January 14, 8:00AM EST. That is the official embargo for AMD’s Kaveri APU family, where it’ll presumably be finally launched to the public. Kaveri has been that shining light at the end of the tunnel for AMD and promises a massive boost to performance on the integrated GPU side as well as some parity, finally, with the performance of Intel’s processors. But because so many people are eager to find out more about this chip, slides given in confidence to attendees at the GPU 14 conference in Hawaii in September 2013 have managed to leak to the internet, courtesy of Pure PC. They include some interesting performance indications…
UPDATE: Pure PC has taken down the leaked article and apologised to their readers for the accidental slip of details.
“On this site was available live broadcast of the conference AMD Kaveri Tech Day 2014 in Las Vegas. The conference is covered by confidentiality (NDA), and unfortunately we can not reveal information on the latest AMD APU Kaveri, architecture and performance results of a new family APUs. Due to an error of our servers, the article was available for a short period of time. When an error is detected all the information along with photographs and slides were permanently removed from our servers. Sorry for misleading our readers. We have to suspend the publication of materials until the expiry of confidential (NDA). We will definitely return to you with a full report from the event AMD Kaveri Tech Day 2014 soon.”
Kaveri is the first APU that will be available to the public in socketed format for the desktop that has Steamroller CPU cores and Graphics Core Next (GCN) GPU cores in its physical make-up. Its very similar to the APUs already found in the Playstation 4 and Xbox One, but the CPU architectures are the main difference in addition to hardware unit counts (speaking in a broad sense, there are more differences between the two products). Theoretically, peak performance, measured at 856 GFLOPS, is closer to the A10-6800K than the APU inside the Xbox One (1.2TFLOPS) but actual performance in games on the desktop should be similar to what the One can push out.
Many of the details of Kaveri are still shrouded in secret for the moment, specially what changes may have been made to the memory controllers, where AMD beefed up the Steamroller design to make it batter than Piledriver, and what kind of power consumption and temperatures can be expected from a chip that has nearly a full Radeon HD7750 shoved into it. But performance is what Kaveri is all about, and the slides leaked today show a drastic increase in raw framerates compared to Intel’s Haswell processors.
In software benchmarks, Kaveri draws ahead over its rival, the Intel Core i5-4670K where it matters most – in graphics performance and in GPU compute scenarios. Performance in PCMark 8 is slightly higher than the A10-6800K as well, but the difference is much less higher than expected. This is mainly down to the memory controller and operating speeds – AMD is still using DDR3 with Kaveri and there will be a performance bottleneck imposed as a result, although the improvements that Steamroller and GCN are enough to push it to the top.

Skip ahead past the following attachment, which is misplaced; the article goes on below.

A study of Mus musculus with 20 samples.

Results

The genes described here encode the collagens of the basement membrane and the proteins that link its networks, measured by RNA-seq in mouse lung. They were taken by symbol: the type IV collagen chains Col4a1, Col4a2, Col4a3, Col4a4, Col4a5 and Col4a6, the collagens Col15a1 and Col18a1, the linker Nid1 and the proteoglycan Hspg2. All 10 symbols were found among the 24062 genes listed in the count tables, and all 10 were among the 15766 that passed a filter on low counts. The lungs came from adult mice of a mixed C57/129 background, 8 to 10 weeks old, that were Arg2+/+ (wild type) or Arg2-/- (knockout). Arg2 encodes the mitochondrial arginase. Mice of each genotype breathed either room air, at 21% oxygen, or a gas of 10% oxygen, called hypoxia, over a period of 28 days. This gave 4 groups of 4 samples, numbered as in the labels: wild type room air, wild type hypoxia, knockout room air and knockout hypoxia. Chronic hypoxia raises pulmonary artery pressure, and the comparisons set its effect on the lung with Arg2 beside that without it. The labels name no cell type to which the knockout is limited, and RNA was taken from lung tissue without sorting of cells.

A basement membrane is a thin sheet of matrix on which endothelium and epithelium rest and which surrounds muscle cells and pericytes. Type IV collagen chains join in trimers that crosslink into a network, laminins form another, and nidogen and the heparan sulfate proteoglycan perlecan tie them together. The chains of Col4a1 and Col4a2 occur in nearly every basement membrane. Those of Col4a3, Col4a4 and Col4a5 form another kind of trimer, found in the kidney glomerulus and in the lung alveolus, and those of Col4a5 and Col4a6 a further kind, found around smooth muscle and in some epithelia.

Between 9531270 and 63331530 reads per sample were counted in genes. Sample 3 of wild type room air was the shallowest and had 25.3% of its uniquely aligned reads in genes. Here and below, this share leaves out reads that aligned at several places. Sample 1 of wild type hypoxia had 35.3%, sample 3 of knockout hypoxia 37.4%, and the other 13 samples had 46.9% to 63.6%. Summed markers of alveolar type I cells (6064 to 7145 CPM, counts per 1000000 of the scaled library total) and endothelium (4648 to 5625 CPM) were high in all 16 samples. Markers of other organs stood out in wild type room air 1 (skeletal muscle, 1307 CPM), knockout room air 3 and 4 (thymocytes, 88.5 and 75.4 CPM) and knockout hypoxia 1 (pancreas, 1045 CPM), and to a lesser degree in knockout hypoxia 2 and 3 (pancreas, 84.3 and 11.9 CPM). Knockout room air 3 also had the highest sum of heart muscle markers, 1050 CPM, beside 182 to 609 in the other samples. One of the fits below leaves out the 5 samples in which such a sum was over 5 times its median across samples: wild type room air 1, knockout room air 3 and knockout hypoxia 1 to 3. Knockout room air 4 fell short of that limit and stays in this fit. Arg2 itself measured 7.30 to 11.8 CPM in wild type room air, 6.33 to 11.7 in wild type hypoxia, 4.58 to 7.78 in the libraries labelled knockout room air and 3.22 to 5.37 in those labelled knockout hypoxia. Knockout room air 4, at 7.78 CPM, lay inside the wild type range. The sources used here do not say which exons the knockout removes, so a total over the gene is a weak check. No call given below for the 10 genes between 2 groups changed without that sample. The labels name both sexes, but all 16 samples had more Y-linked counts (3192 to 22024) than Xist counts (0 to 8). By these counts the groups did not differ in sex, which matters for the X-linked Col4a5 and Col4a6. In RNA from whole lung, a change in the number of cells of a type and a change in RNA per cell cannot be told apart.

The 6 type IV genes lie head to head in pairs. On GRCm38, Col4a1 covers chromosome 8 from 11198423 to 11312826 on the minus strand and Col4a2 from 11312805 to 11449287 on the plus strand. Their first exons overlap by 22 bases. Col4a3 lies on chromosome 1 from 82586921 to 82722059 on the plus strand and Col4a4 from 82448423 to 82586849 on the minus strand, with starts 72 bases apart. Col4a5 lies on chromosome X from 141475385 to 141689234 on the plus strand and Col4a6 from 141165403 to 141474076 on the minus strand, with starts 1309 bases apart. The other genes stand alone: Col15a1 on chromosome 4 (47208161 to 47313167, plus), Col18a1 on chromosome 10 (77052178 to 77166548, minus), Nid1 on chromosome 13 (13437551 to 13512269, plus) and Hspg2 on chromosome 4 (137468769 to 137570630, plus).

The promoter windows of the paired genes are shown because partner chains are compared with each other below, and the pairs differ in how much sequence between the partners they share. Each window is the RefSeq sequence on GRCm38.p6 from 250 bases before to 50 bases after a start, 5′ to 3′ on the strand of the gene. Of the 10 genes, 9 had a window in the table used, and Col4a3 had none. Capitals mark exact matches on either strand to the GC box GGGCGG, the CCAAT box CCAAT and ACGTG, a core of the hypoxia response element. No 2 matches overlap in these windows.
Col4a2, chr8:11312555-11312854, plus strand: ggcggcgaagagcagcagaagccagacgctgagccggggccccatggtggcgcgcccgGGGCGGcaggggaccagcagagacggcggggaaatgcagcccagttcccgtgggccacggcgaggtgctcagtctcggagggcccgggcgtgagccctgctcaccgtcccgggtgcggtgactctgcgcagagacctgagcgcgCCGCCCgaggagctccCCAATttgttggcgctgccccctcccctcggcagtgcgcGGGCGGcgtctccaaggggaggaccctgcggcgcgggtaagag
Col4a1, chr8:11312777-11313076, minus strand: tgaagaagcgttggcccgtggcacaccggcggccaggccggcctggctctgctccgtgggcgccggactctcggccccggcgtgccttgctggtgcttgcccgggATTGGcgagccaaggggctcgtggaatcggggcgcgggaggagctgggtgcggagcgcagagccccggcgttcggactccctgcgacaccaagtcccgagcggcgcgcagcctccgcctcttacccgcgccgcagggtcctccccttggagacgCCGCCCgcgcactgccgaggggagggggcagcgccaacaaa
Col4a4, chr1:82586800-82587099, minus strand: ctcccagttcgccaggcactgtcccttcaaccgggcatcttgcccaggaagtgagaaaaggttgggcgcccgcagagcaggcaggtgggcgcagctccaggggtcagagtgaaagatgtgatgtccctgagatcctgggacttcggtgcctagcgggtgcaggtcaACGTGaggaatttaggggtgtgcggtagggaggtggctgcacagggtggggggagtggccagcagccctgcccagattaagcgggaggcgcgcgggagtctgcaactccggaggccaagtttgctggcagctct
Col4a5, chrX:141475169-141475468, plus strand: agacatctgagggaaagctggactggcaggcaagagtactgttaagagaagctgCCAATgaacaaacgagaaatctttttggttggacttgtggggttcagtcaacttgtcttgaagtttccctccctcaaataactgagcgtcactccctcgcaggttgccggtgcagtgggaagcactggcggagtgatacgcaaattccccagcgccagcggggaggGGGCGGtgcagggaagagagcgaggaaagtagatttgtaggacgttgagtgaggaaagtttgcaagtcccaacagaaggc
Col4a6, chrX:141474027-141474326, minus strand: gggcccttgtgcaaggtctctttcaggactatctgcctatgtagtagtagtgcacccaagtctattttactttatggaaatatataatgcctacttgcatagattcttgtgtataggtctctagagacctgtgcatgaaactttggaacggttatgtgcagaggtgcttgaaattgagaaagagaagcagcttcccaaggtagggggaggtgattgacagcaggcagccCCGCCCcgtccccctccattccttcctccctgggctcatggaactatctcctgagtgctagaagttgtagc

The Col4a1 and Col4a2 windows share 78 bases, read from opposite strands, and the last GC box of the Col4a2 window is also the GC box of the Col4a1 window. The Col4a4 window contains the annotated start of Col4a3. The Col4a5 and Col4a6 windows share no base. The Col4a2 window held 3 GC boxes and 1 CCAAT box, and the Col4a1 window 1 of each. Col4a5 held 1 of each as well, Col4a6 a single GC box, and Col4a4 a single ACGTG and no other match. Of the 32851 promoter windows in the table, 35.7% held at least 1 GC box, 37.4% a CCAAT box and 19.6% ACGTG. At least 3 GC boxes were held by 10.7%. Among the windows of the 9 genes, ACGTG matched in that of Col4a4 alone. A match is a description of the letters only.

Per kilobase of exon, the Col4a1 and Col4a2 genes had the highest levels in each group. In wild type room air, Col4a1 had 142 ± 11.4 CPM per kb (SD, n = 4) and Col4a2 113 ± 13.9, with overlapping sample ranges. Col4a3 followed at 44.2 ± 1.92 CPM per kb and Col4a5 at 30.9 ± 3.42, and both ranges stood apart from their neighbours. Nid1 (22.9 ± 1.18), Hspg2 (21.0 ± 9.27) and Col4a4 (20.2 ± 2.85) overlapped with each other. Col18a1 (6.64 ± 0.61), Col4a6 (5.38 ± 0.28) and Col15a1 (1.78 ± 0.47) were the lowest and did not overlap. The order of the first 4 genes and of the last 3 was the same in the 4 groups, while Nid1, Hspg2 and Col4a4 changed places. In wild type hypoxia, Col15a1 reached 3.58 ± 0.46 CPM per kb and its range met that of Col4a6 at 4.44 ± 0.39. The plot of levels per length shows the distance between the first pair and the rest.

In 3DMark and Basemark CL, there is a massive lead generated by Kaveri and this can be attributed to how efficiently GCN chews through code. It scores almost twice as many marks in 3DMark than the Core i5-4670K, while generating a huge lead in OpenCL GPU compute scenarios thanks to GPGPU being one of the strengths that GCN has. Considering that it will probably also be cheaper than its Core i5 competitor, this is a win-win for consumers as well.
Synthetic benchmarks are one thing, though. Real-world gaming shows that, with a discrete graphics card, Kaveri’s Steamroller cores are working hard to allow it to draw up nicely with the gaming performance of the Core i5-4670K. Some games display a greater affinity for Intel’s cores while the majority appear to like Steamroller just as much. These are only average reported framerates, though, and it remains to be seen how Kaveri performs in frametime benchmarks for this assessment to hold any weight.
Pairing up both chips with the R9 270X is also a wise move, allowing AMD to mask any possible processor bottlenecks by using a mid-range GPU that just barely ticks all the boxes to play modern games with all the bells and whistles enabled. I expect that using anything stronger, like a R9 280X or higher, would reveal Kaveri’s limits pretty quickly. Note that this is also not using Dual Graphics, because pairing up Kaveri with anything more powerful than a Radeon HD7750 would result in the integrated graphics becoming a bottleneck for the system.
Gaming on Kaveri itself shows that the APU is running into memory bandwidth bottlenecks at 1080p. Bioshock Infinite at 1080p with low settings yields a respectable average of around 30fps, but this is typically what a Radeon HD7730 with DDR3 memory achieves on medium settings. Where a game doesn’t hit the memory bandwidth and is able to saturate all the GPU’s resources, though, it performs much better.
As these results are also not frametimes, they don’t have much weight to them. We need to see how Kaveri performs over time and in the most difficult scenarios, not an average that masks up all these issues. Until then, though, it’s nice to see that games from the Enemy Territory: Quake Wars era (2008-ish release) should run on High settings at 1080p without much trouble.